Back in December of 2009, we were witnesses of a most unusual kind of trade: the top prospect-for-top prospect swap. You'll see teams trade veterans for prospects, and vice versa. But quite rarely will you see teams make these kinds of trades, probably because of one key reason.
Teams don't want to get killed in retrospect for giving up a future superstar in exchange for a bust- if you keep your own prospect and he busts, you've only whiffed on evaluating one player, instead of two. You turn down dancing with a really beautiful girl? Okay. But to turn down the beautiful girl to dance with an ogre-like creature? Far more questionable. (Note: my analogies will change your life.)
But on December 14, 2009, the Blue Jays agreed to trade recently-acquired outfield prospect Michael Taylor to the Athletics for vaunted first base prospect Brett Wallace. Taylor would later be ranked as the 29th-best prospect in the game by Baseball America, while Wallace came in just two spots ahead at No. 27 on the same list. It was the ultimate "challenge" trade: my team prefers Wallace, your team prefers Taylor; which one of us will reap the benefits? And yet, by the end of last season, it seemed like both teams had managed to lose.
Taylor, already 24 coming into the 2010 season, would deal with some legitimate struggles as Triple-A Sacramento's right fielder. After posting isolated power marks above .200 in both 2008 and 2009, that figure dropped to a startling .121 with Sacramento, as he finished the year with just six home runs in 127 games. As a corner outfielder without outstanding patience, the decline in power put Taylor's projection into serious question.
Meanwhile, Wallace's fall from grace was arguably as shocking. Even though his performance at Triple-A was far more solid than Taylor's with a .301 average and 18 homers in 95 games, scouts began to sour on him, noting the extreme offensive nature of the parks that Wallace had been hitting in, as well as growing skepticism about his swing and athleticism. After falling out of favor with the A's, the Blue Jays soon followed suit, trading the hefty infielder to the Astros in exchange for center field prospect Anthony Gose over the summer.
One thing you have to say about Jays GM Alex Anthopolous from these kinds of trades: the guy has balls. Most teams would probably be pretty happy to turn Taylor into Wallace into Gose, but few would actually take the risk, I'm guessing.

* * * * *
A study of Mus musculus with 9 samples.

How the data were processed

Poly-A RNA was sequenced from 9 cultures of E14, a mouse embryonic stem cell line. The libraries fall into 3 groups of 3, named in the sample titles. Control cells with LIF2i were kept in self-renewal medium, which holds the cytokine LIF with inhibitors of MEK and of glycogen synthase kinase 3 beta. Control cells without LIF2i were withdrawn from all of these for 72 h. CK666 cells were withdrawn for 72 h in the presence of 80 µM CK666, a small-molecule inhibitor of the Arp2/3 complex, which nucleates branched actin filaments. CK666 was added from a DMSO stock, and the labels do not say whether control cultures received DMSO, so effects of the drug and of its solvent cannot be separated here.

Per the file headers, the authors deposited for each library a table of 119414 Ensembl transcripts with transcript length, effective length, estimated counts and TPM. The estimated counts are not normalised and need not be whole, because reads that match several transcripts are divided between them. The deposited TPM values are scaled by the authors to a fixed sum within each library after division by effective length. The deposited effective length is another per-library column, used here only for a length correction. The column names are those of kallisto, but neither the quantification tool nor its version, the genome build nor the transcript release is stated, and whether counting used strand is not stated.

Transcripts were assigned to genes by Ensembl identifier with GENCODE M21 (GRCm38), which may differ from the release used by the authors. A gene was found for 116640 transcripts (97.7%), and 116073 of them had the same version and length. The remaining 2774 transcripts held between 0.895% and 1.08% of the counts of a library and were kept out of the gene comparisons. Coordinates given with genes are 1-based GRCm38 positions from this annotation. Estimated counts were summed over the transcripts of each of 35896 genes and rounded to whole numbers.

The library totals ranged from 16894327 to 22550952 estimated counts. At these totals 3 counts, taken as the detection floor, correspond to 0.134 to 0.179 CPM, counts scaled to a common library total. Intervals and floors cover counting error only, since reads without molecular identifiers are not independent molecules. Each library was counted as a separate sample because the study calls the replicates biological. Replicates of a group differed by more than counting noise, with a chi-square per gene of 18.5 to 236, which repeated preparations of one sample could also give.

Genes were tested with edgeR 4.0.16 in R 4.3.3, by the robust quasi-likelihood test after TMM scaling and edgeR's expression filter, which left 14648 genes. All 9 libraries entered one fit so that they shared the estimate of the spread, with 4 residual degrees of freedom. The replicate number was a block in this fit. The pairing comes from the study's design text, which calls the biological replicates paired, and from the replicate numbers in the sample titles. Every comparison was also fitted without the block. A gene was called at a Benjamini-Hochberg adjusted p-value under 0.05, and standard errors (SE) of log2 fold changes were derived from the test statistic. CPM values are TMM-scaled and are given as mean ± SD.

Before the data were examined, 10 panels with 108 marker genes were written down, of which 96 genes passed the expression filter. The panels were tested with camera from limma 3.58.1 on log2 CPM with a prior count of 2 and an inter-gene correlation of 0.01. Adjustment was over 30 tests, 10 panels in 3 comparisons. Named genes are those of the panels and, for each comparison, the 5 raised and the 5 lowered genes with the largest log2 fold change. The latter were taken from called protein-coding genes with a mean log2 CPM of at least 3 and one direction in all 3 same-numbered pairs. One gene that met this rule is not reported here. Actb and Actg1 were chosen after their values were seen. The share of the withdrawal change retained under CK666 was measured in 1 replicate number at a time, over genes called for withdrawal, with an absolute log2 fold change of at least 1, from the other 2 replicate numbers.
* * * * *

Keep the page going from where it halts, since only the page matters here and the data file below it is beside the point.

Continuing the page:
But thus far in 2011, both players have seemingly rebounded quite nicely. At the end of last season, it seemed possible that the Astros would opt to play Carlos Lee at first base instead of Wallace, and Taylor would prove that his "Stanford Swing" (Stanford coaches teach their players a specific kind of swing, which the vast majority of professional evaluators consider to be extremely flawed) couldn't be totally fixed.
Now, Wallace is proving to be a non-awful long-term option for the Astros at first base, and Taylor is once again showing the pop of a potential contributor, rather than the pop of a Coke that expired in May of last year. Wallace's .374 on-base percentage is fourth among NL first baseman, while Taylor hit seven home runs in June.
Unfortunately, both players are showing some clear chinks in their armor. Wallace is still not hitting for power, as many scouts had worried about, his BABIP is pretty much unsustainable at .372, and he's been totally ineffective against left-handed pitchers. Taylor, for all of the added power, is striking out more and walking less than he did even while struggling last season. And even though his .282/.344/.483 line seems pretty solid at first glance, it's pretty underwhelming when compared to the Pacific Coast League averages. (Note: Taylor's played pretty awful in the few games since this was written, and he's now at .265/.333/.451 on the year, increasingly unimpressive for the PCL.)
Really, what we're seeing here is how ridiculously hard it can be to project young players. It's often said that young hitters are far easier to project than young pitchers, primarily because young pitchers are about as dependable as the Chicago weather, but this is just another example of a prospect's stock going all over the place.
Wallace and Taylor were seeing big-time hype going into 2010, and by the end of the season they were running on fumes. Now, both are seeing their stocks rise again as people take notice of their resurgent numbers- but a deeper look at those numbers indicates that the apparent improvement may not be so substantial.
So, who's going to come out on top in this trade? At this point, it's hard to say. You can obvious give the Blue Jays credit for flipping Wallace in exchange for Gose, but they likely didn't have that deal in mind when they initially acquired him. Rather, they appear to have genuinely preferred Wallace as a prospect; and they certainly weren't alone, as BA's ranking would attest.
But in the end, I think that we're going to look at these past few months as a blip on the radar- our perceptions of Wallace and Taylor really shouldn't be that different than they were in say, February. If anything, the additional things we know about them now, like Wallace's clear inability to hit lefties and Taylor's devolving patience, should be considered additional red flags. A few weeks ago, you would've said that we were way off base on how we viewed this deal back in September of last year.
But now? I think we've been pretty on base for a while now.